How grading works: If the system sends the student ahead to any later page, the question
is marked correct. If the system sends the student back to any page, the question is
marked incorrect. The Maximum number of answers sets how many questions can be
asked on each page. If you leave the number at say 4, you can still ask 2 questions on
one page if you wish. You can even have a page where you do not ask a question in
those cases the student automatically continues on to the next page.
Next, set if the students can retake the lesson or not, and set the dates that the lesson is
available. When you are done, click on Save changes. The new Lesson activity now
appears on the course homepage in
the content area where it was
originated. You must still define all
of the pages in the lesson. To do
that, click on the Lesson link on your
class homepage in the section area
where you created it. This will take
you to the first page (Fig. 22b),
where you can start to define all the
pages that make up the Lesson.
The items on the first page are:
Page title: title of this page only. If you have multiple pages for your lesson, each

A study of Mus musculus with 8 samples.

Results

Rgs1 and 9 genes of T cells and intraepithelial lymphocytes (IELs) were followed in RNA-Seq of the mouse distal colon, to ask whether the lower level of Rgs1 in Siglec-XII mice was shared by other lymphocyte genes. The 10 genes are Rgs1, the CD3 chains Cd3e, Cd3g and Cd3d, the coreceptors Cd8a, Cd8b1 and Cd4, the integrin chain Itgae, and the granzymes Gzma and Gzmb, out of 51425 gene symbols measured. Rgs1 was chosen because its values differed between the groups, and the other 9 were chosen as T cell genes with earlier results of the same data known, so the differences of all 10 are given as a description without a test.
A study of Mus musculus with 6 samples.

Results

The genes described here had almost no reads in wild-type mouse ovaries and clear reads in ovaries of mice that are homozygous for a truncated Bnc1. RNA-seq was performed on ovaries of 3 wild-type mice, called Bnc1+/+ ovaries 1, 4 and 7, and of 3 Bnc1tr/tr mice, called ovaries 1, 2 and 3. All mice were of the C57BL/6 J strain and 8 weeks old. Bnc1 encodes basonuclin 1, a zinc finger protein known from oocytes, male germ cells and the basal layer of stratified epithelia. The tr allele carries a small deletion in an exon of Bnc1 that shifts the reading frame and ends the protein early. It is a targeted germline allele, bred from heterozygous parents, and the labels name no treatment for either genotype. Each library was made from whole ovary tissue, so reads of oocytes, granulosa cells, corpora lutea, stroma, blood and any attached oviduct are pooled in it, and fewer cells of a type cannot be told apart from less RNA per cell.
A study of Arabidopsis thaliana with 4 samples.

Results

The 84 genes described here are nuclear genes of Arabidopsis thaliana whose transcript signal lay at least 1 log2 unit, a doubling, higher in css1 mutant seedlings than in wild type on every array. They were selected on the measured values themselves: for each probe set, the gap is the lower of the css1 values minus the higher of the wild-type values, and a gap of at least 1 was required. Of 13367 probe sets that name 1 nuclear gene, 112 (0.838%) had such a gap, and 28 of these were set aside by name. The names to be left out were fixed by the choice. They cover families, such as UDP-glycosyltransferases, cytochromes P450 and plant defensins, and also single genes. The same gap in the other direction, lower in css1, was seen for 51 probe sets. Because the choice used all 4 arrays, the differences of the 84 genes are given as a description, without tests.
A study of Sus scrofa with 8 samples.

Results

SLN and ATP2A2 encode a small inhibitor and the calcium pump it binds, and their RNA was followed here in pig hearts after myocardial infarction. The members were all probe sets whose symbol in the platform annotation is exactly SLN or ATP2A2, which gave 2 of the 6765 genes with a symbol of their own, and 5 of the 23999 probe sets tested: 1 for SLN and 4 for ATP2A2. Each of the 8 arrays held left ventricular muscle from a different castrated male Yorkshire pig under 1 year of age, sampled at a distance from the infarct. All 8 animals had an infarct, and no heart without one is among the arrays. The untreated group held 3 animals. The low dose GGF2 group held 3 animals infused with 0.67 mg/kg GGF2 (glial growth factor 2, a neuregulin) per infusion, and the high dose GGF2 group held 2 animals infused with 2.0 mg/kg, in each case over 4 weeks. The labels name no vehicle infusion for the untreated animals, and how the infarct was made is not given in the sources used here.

one will have a title.
Page contents: this is where you put the information you are trying to convey.
It may be a story, a problem to solve, a poem, or anything that you want to ask
questions about. You should usually end the section with a question that will be
answered by the students.
Answer 1 (or Answer #): this is where you type one answer to the question you
asked. You fill in one answer per Answer #, up to the maximum you defined. You do
not have to fill them all in.
Response #: after each Answer # section, there is a Response #. This is an
explanation that the student will see after picking one of the possible answers and
before being redirected to another page (or staying on the same page).
Jump to: after each Response # there is a field that tells the system what to do if
the student picks that number. You can tell the system to end the lesson, to stay on
the current page, or to jump to any page that already exists (forward or back).
For example, if I pick Answer 1 and the Jump to field is set to go to the next page,
then I will be sent to the next page of the lesson. Grading is determined by the
navigation. That is, if a student stays on the same page or is sent to a previous
page, then the answer is counted as wrong. If the student picks an answer and is
sent to a later page, then the answer is counted as correct. By default, Answer 1
sends the student to the next page, and all the other Answers keep the student on
the same page, but that can be changed. The students will see the order of the
Answers mixed up (Answer 1 may actually be the fourth question asked).
Navigation through the lesson can be straight forward or complex,
depending largely on the structure of the material being presented. Lessons
are a great way to assess practical knowledge of a subject, and with
creative use of Moodle's HTML editor very effective simulations can be built.